Football’s Brain Impact
Football season is just around the corner, although football practice is already ramping up. And while many people love watching football, those playing football—including high school football players—may want to know about these research findings.
More specifically, research out of UT Southwestern Medical Center’s Peter O’Donnell Jr. Brain Institute and Wake Forest University School of Medicine points to measurable changes in the brains from repeated impacts to the heads of high school football players—even when no concussion occurs. All this can occur after only one season of playing.
Why football? It has the highest concussion rate of any competitive contact sport, and there is growing concern among parents, coaches and doctors of young athletes about the effects of “subconcussive” head impacts, or those that don’t directly result in a concussion diagnosis.
Prior research has been on college football players, but recent studies indicate impact distributions for youth and high school players to be similar to those at the college level.
Senior author of the study, Dr. Joseph Maldijan, Chief of the Neuroradiology Division and Director of the Advanced Neuroscience Imaging Research Lab (part of the Peter O’ Donnell Jr. Brain Institute at UT Southwestern) says, “Our findings add to a growing body of literature demonstrating that a single season of contact sports can result in brain changes regardless of clinical findings or concussion diagnosis.”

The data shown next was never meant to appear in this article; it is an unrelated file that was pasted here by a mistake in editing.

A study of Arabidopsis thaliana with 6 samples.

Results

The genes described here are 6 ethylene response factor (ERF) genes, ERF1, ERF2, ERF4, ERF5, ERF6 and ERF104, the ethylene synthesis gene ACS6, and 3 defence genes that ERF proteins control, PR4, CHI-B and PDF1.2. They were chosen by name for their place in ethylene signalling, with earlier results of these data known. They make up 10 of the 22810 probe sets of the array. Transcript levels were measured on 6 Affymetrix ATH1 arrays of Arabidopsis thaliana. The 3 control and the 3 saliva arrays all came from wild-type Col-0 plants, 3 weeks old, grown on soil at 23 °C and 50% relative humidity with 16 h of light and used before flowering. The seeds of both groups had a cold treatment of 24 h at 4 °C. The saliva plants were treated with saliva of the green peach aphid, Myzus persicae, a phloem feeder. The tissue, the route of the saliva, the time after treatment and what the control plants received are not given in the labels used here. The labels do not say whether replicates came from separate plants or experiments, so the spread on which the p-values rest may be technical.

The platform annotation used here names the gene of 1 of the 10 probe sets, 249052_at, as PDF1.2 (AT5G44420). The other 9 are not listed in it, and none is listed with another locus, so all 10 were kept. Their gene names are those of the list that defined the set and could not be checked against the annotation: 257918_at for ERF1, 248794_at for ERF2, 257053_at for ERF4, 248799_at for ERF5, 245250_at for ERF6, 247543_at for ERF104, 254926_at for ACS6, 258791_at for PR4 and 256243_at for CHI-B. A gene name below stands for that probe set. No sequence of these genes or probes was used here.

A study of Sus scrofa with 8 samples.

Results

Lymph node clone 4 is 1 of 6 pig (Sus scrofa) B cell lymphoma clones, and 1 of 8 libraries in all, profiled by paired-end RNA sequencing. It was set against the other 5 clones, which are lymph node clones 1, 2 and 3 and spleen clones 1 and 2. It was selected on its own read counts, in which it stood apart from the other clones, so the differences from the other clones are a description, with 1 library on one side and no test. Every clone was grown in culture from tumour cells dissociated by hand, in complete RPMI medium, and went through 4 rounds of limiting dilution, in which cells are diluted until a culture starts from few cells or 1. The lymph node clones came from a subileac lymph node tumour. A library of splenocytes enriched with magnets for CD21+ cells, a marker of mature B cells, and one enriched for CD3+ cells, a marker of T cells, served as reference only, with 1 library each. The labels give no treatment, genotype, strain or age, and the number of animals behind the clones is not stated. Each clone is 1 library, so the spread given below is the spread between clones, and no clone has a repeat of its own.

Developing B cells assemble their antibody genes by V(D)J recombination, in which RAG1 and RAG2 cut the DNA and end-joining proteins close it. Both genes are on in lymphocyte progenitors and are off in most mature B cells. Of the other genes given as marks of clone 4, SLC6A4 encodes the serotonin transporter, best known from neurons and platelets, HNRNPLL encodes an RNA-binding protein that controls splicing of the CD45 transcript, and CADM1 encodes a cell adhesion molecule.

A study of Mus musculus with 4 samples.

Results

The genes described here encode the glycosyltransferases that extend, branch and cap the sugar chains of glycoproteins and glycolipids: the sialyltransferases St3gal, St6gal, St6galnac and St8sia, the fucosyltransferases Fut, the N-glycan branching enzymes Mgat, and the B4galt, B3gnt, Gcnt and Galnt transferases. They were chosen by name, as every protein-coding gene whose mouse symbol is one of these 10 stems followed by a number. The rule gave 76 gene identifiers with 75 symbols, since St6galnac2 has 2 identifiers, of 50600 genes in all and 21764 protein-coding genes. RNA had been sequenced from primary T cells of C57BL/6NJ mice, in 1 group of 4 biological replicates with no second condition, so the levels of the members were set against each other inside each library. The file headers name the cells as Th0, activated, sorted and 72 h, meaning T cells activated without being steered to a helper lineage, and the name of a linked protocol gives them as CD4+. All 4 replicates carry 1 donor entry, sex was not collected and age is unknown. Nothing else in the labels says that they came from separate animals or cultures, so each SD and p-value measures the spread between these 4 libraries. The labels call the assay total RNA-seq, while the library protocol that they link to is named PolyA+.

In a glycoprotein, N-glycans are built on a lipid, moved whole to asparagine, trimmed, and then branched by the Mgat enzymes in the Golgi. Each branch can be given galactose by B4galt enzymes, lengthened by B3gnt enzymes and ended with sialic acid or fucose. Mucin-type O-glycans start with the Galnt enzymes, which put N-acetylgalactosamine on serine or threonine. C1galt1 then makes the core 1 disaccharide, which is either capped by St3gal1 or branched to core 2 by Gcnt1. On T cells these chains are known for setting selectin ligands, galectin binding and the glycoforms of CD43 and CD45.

The researchers gathered their data from approximately 24 high school varsity players who wore specially outfitted helmets which could record data on each head impact during practice and regular games. The scientists then implemented experimental techniques to measure changes in cellular microstructure in the brains of the players before, during and after the season.
During pre-season, the players had an MRI scan and cognitive testing, including memory and reaction times. They wore the sensors during the season, and then had another MRI scan and cognitive testing post-season. The researchers also used diffusional kurtosis imaging (DKI), which measures water diffusion in biological cells, to identify changes in neural tissues. DKI can also measure white matter abnormalities.
The group wasn’t large enough to make conclusions about variations of impacts between positions, so additional studies will be required to determine what the deviations mean clinically for people, according to the researchers.
These findings contribute to a growing body of knowledge and studies concerning concussion and other brain injury types from researchers with the Peter O’Donnell Jr. Brain Institute. Others include a first-of-its-kind study of former National Football League (NFL) players who lost consciousness from concussion during their playing days, showing key differences in brain structure later in life. The hippocampus, which is the part of the brain involved in memory, was smaller in 28 former NFL players compared with a control group of men of similar age and education. Likewise, a study about the neuropsychological status of former NFL players found that cognitive deficits and depression are more common among retired players than in the general population.
Additional research reports that the brains of deceased former football players had high rates of chronic traumatic encephalopathy (CTE), a degenerative disease thought to be from repetitive brain injury. Researchers studied the brains of 165 people who played football at the high school, college or professional level, and found evidence of CTE in 131 of them, which is 79 percent. Of the brains studied, 91 of them belonged to former NFL players and 87 of those 91 (96 percent) showed signs of CTE.
So, if you or a loved one plays football, this growing body of research is important to keep in mind, especially when it comes to brain health.